Review: A Light Lunch at Lido Café

photo-5Restaurant reviews are a funny thing. If a place serves great food, often little else needs to be said than just that, and a review is more of a means of getting the word out and whetting appetites with descriptions of tastes and textures. And then there are places that almost everyone knows about. Here, the review takes a different path, as a confirmation or denial of generally accepted expectations. As a food writer, I go into these places with the highest hopes but leave feeling perplexed when expectations are only that and the truth of the matter is that instead of thrilled with a meal, I leave underwhelmed. 

The Brockwell Lido Café opened in 2010 to much excitement. It received great reviews and accolades for its food and unique setting alike, and quickly became an attractive addition to the London dining scene. During the day, it is absolutely a destination for mums and dads with kids which, since the birth of my daughter last July, put it on my radar even more. It serves great coffees and cakes, and decent breakfasts. My other half and I have spent many a late morning there, bleary-eyed, propping ourselves up with sugar and caffeine. It is on these assumptions that my friend, my 8-month-old daughter, and I trundled through the Park in the quest for an equally decent lunch.

It is a busy time of day for the Lido Café: mums, dads, minders and the odd student all vying for a handful of waiters’ attention. Though seated quickly, we had to ask for menus after 10 minutes. Whilst we scanned the menu, my friend noted how the setting really allowed for kids but was completely welcoming for those without. A very good point – the Café is light, airy, and modern in feel, yet kids can flick carrot sticks on the floor and no one rolls their eyes.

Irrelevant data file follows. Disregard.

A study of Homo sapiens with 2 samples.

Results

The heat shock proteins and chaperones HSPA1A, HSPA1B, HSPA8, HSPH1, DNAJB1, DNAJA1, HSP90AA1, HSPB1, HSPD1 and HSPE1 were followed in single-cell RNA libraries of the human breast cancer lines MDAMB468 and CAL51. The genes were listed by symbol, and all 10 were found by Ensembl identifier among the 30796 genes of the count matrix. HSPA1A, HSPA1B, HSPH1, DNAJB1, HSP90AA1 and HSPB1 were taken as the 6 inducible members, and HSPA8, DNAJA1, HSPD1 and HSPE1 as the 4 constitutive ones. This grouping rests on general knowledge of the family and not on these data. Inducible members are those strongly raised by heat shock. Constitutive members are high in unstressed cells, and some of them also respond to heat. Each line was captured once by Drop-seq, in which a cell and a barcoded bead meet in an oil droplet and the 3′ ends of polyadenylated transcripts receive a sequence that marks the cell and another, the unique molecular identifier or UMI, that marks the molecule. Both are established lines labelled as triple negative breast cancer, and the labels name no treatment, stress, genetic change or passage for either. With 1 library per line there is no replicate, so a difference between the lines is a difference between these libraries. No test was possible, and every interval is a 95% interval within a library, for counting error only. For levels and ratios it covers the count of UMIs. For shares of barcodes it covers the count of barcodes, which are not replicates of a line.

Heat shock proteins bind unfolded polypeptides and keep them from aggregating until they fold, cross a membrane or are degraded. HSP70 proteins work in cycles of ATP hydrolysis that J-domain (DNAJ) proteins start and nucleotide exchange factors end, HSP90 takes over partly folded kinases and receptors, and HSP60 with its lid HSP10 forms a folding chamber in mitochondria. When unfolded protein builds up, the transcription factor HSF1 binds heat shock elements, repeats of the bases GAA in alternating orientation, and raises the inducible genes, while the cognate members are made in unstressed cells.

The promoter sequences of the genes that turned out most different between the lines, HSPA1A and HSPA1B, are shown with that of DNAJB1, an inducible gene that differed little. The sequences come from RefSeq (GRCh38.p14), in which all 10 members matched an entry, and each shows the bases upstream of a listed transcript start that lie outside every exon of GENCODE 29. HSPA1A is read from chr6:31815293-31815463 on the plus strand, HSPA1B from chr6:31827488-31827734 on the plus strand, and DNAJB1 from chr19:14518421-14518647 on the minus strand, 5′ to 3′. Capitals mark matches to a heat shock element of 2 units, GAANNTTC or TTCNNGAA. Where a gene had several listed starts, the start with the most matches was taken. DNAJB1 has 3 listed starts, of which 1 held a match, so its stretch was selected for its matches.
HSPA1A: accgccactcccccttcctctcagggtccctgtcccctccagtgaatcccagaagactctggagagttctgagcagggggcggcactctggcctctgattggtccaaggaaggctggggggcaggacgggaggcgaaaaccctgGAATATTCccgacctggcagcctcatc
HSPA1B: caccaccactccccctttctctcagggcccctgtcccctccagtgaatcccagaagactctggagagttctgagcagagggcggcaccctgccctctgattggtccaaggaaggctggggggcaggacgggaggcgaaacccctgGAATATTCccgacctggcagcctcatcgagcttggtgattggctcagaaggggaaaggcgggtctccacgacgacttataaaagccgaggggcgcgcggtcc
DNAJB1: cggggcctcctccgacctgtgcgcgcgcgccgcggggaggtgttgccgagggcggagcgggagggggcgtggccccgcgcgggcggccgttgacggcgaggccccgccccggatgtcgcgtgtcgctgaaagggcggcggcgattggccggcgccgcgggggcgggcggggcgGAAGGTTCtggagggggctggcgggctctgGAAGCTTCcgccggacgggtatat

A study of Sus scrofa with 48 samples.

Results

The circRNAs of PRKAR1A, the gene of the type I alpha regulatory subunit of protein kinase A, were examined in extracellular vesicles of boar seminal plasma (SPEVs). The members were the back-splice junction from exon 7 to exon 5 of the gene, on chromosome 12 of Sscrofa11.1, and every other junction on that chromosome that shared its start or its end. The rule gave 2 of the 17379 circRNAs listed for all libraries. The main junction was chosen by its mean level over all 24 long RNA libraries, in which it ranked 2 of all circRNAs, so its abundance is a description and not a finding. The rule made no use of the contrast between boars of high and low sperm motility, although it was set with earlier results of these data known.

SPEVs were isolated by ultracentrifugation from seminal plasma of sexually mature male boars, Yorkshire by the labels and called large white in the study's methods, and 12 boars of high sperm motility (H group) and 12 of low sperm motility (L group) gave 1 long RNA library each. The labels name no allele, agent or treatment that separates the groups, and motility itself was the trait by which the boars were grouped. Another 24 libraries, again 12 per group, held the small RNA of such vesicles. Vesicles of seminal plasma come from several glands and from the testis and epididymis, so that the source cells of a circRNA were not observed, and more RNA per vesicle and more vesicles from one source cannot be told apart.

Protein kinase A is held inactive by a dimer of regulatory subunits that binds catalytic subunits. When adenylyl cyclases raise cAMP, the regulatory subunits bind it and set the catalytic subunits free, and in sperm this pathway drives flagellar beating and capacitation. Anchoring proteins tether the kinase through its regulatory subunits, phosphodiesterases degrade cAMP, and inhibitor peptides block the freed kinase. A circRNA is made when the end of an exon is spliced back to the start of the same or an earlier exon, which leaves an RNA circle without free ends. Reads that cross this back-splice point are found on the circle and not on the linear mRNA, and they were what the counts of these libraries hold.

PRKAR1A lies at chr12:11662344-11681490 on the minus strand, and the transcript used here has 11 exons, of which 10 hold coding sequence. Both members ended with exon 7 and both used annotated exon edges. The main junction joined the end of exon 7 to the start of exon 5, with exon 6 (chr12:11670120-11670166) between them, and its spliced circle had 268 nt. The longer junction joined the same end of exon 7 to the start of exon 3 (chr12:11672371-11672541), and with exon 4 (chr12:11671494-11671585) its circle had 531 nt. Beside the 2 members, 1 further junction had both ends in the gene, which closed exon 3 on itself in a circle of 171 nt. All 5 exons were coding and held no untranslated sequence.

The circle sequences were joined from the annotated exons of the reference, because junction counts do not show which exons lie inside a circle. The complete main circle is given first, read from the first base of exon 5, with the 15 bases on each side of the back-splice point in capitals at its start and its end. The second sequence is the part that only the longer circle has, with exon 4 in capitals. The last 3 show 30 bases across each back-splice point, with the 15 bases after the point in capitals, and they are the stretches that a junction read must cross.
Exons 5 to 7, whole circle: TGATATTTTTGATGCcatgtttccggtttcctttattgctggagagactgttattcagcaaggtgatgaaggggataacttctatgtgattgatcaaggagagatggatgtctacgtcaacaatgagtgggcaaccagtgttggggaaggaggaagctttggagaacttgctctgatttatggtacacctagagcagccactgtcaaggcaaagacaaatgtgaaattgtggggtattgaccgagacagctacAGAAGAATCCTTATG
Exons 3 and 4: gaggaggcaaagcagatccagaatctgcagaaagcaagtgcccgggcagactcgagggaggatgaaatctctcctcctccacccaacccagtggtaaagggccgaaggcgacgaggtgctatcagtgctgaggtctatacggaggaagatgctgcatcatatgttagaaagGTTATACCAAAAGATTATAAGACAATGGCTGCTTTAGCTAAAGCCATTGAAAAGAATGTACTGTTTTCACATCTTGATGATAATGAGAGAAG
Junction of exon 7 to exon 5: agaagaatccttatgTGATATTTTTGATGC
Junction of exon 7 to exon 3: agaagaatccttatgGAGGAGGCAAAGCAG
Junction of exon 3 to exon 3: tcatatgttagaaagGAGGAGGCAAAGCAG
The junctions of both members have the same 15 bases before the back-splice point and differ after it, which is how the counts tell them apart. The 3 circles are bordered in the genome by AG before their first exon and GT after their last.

We nabbed a waiter and, despite his leaving us to attend another table mid-order, we opted for thyme, lemon and garlic marinated char-grilled chicken, which came with two salads of our choosing: cauliflower, toasted hazelnut and raisins; and puy lentil, feta and roasted peppers. We also went for chips and a couple of small plates to share: salt pollack scotch egg; and iberico chorizo, piquillo pepper and rocket on toast.

The chicken was served over the two salads, and though the thigh meat tasted little of its marinade, it was juicy and had a lovely charred flavour. The cauliflower salad was lacklustre and bland. The puy lentil, feta and roasted peppers was perhaps too safe a choice on our part, the lentils slightly too al dente. The iberico chorizo was middling in its piquancy and was served as a measly thumb split in two. Whilst the peppers were nicely sweet, the toast was tough and as a whole it was disappointing. The salt pollock scotch egg was a welcome respite with its crunchy outer shell and salty fish wrapped lovingly around a soft-boiled egg. Both were served with garlicky aïoli. The chips were good, skin on and nicely fried, and made good dippers for the remaining aioli.

I so desperately wanted to like the lunch at Lido Café. Whilst I was grateful for their welcoming nature towards my daughter and her carrot sticks, the scatty service and the just above average food left me wanting more. How it could be after I had heard so many good things of their dinners? Perhaps I should revisit in the evening, perhaps it is the atmosphere that attracts people, or perhaps I should stick to the coffee and cake.

£31 for two, including service

Lindsay blogs at


  1. My husband and I have tried to visit the Lido cafe about 10 times as we live two streets away. We’ve never managed to sit down to eat there. It is either full, full of screaming children, not serving (“lunch doesn’t start till 1.30”) or closing “we shut at 3 today”. As your review intimates, I’ve never found the staff helpful.

    Shame as it looks like a lovely setting when I’ve glimpsed the inside.